An Innovative Device for Crossing Chronic Total Occlusions


Submitted on Mon, 07/16/2018 - 11:50

Nair headshotChronic total occlusions (CTOs) comprise a large percentage of lower extremity arterial interventions. Numerous methods are available for crossing where the expertise of the operator typically guides the approach. In my opinion, true lumen antegrade CTO crossing would be the preferred approach if achievable. Yet in long CTOs with complex plaque morphologies, the
mantra of “keep it simple, stupid” is not always possible. Thus, we typically have to acquire expertise in alternate means of re-entry such as controlled antegrade-retrograde subintimal tracking (CART), reverse CART, trans-collateral crossing, or utilizing re-entry tools, to name a few methods. All of these methods require specialized skills to avoid complications, can add to procedural cost, and can increase radiation exposure. These crossing techniques often yield high grade dissections requiring the need for a bail-out stent strategy.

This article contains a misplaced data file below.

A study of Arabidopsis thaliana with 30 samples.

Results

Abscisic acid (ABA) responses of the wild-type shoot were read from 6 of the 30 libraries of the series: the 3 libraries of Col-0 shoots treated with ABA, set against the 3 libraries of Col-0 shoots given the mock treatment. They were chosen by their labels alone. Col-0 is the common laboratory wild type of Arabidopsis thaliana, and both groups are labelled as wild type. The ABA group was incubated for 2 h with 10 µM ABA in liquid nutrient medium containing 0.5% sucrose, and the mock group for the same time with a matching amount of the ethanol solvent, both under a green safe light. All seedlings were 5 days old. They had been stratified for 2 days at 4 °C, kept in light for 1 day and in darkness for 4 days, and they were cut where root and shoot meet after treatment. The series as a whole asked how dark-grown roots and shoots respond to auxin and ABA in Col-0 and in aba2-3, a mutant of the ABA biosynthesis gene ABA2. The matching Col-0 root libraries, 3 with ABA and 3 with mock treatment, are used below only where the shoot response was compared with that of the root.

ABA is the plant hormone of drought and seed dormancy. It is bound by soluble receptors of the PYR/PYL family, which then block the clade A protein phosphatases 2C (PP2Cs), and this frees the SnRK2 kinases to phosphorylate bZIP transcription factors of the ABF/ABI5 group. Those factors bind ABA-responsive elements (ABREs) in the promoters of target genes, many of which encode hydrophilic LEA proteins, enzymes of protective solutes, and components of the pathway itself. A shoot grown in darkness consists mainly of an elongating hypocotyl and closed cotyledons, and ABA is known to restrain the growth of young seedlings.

While stent patency is improving, I personally would favor a stent-free approach, if at all possible, given the efficacy of drug-coated balloons. Thus, the discovery of new technologies intended to assist and streamline antegrade, true lumen CTO crossing are a welcomed addition to the interventionists toolbox.

In this New Technologies in Vascular Disease Management, we are privileged to have Drs Frank Pomposelli, Jr, MD, and Albert K. Chin, MD, introduce our readers to an innovative device, the Houdini Catheter (Cruzar Medsystems, Braintree, Massachusetts) for crossing peripheral CTOs. This catheter contains an everting inner lumen and a distal centering balloon that imparts hydraulic pressure and optimizes vector force to drive a central guidewire through the CTO under mechanical control of the operator. Ultimately, it may help achieve the goal of true lumen CTO crossing. As clinical experience with this device grows, it will be of value to demonstrate whether use of this device and the intended goal of successful true lumen crossing could potentially yield improved patient outcomes. We congratulate the entire team involved with the development of this innovative technology.